Moderators: Random Orbital Bob, nev, CHJ, Noel, Charley

By novocaine
I can see a mitre fence and maybe a little jig in your future. making cavity covers for guitar tonight. Will play with an offcut hopefully tomorrow on the band saw and the scroll saw.
By Chris152
Thanks novocaine - haven't used the mitre guide since I bought the saw, didn't even occur to me! This is done by eye and the mitre guide on 30 degrees without markings or stops but I can see that it could work fine - especially with a thinner blade with minimum set, producing a thinner gap between the teeth of the comb (these are about 5mm). It'll need either a lot of care or some kind of stop to ensure all the teeth are the same length (some of these wouldn't touch the surface).

Front and back will be sanded to bring the teeth closer to a point (about 3mm depth remaining at the tips).
yep that works.

I think what I'd do is make a jig that rides on the mitre slot instead of using the fence.
A piece thats 18x400x60 fit a runner to the base of it so sits at the 30 degrees mark and extends a good 100mm past the blade. you can then do a small initial cut in the front of it to the depth you want the teeth to be (about 10mm so you get a bit of extra). from that mark out each cut across the jig, you can drill holes and put pins in if you want so you move the pins each cut and have something to register against.
this needs a drawing. just a mo.

comb sled.jpg

something like that. if you feel comfortable with registering against lines you don't need the registration holes. or you could incorporate the holes in to the design of you comb so you slot 2 pins in the comb, cut it out, flip it, do the same then claim the holes are for lanyards. :D
That looks great - my feeling is I'll do better at first go with just accurate lines to work to, drilling one hole slightly in the wrong place would result in a dud tooth/ having to remake the jig. I'm off hunting for wood today so it'll have to wait, but meantime I'll put an order in for a new blade as above. I'm thinking to make them from oak, ash or beech (i have plenty of offcuts), cutting into end grain for strength of the teeth - sound ok?
Thanks for the drawing novocaine, really appreciate it.
By novocaine
dont use oak. sea water and oak aren't best of friends (someone will tell you about their oak boat and how it's never been an issue shortly).
white woods like ash and beach are a good choice IMHO, found the guy (who appears to to be 2 girls now) in cornwall on etsy (who knew)

drilling holes accurately, you make a jig for that. :) a block with four holes drilled perfectly (only need to get 4 right). a pin in 2 of the holes and the other 2 are the guide. drill the first 2 holes in your comb jib, insert the drilling jig and drill the next 2, then advance the drilling jig to those holes and repeat. :)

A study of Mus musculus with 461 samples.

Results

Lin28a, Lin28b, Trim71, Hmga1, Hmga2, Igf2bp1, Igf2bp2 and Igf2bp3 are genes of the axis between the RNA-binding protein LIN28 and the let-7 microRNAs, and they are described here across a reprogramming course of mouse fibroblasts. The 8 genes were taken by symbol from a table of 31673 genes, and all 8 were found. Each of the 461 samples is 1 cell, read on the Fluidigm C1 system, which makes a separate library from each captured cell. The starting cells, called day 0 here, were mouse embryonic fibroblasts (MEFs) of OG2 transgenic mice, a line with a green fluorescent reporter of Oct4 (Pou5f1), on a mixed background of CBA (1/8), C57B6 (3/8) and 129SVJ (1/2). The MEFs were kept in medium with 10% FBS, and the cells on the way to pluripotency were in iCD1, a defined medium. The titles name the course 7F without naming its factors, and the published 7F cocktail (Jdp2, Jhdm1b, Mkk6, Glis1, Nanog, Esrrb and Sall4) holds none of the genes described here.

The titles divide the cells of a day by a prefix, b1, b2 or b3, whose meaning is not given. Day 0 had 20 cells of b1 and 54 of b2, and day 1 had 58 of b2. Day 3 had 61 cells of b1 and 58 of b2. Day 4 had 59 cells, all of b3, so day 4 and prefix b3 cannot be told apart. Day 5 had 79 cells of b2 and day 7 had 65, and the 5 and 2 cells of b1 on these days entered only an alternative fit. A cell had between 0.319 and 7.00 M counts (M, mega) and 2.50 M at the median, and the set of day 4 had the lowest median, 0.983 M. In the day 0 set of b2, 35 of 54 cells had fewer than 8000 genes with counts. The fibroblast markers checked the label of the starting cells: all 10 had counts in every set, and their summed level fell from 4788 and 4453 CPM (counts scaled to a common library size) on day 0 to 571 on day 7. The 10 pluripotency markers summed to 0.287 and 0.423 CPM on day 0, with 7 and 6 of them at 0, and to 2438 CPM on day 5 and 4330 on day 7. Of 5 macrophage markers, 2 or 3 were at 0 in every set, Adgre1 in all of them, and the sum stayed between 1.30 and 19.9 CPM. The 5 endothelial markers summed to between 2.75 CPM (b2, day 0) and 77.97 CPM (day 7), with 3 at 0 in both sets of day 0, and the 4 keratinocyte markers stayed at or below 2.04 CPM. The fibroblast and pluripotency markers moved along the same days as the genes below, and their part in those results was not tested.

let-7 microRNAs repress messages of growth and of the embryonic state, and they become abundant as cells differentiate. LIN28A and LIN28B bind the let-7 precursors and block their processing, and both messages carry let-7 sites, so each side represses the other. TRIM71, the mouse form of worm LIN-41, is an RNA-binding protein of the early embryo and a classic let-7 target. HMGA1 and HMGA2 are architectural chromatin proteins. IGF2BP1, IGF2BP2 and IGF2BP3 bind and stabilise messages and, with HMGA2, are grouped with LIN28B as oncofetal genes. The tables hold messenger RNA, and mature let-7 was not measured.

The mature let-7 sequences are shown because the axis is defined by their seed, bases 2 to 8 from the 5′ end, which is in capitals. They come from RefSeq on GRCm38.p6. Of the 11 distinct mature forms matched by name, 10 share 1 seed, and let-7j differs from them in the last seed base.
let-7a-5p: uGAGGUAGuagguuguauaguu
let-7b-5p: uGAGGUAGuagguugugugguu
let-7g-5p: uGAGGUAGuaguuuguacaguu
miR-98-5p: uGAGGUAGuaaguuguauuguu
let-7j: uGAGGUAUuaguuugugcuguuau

By Chris152
A jig to make a jig. :-) That sounds do-able, though.
I searched for those handmade ones, no joy but good to see them and they're selling. Once I've got the teeth sorted, it's all down to design I guess - i was thinking something more substantial - the truth is, even with cold water wax, come winter you need a fair bit of pressure on cold days and something that sits back into the palm more is good. And less teeth / bigger spaces is good too, to a degree - more teeth need more pressure. Well, that's my marketing line sorted. :wink:
Myfordman wrote:Isn't Bamboo the ideal stuff to use for strength in small sections?
Not sure, but its bloody hard stuff. I made something from some left over flooring and it wrecked a champfer cutter.
Looks like you've got it sussed out Chris ;@)

Myfordman wrote:Isn't Bamboo the ideal stuff to use for strength in small sections?

I guess it's good, tho most are made from plastic. But I'm trying to work with local woods more generally and it'd be a shame to change that - plus, local hardwoods, as well as being strong enough, look far better I think.
By Chris152
I made a jig as per, which seemed fine in itself but the slack of the mitre guide in the track was enough to allow some teeth to be different sizes (and hence lengths) to others. Sooo, I went back to plan b and marked up some ash 4mm spaces along one edge and a depth of 7mm, and cut by eye using the mitre guide at 12.5 degrees iirc (whose movement didn't matter as I was relying on seeing the wood was correctly aligned). It took 20 mins to make this from initial cut of a block through oiling, and I'm pretty pleased with it.
Teeth cut:

Teeth sanded back and finished:


You can see a couple of the teeth began to disintegrate as the tip was cut so next time I'll leave a tiny flat surface to the tips of each tooth, or sand them flat after [edit - looking at the first photo, they don't seem to have done it in the cutting so maybe it happened when sanding - I used a drum rather than a flat sander so that might sort it]. And I'll allow the teeth to follow the direction of the grain - this was just an off-cut to see if I cut cut the teeth accurately enough - and try to cut a more interesting overall shape. This test's definitely good enough to use, which we'll do tomorrow at the crack of dawn!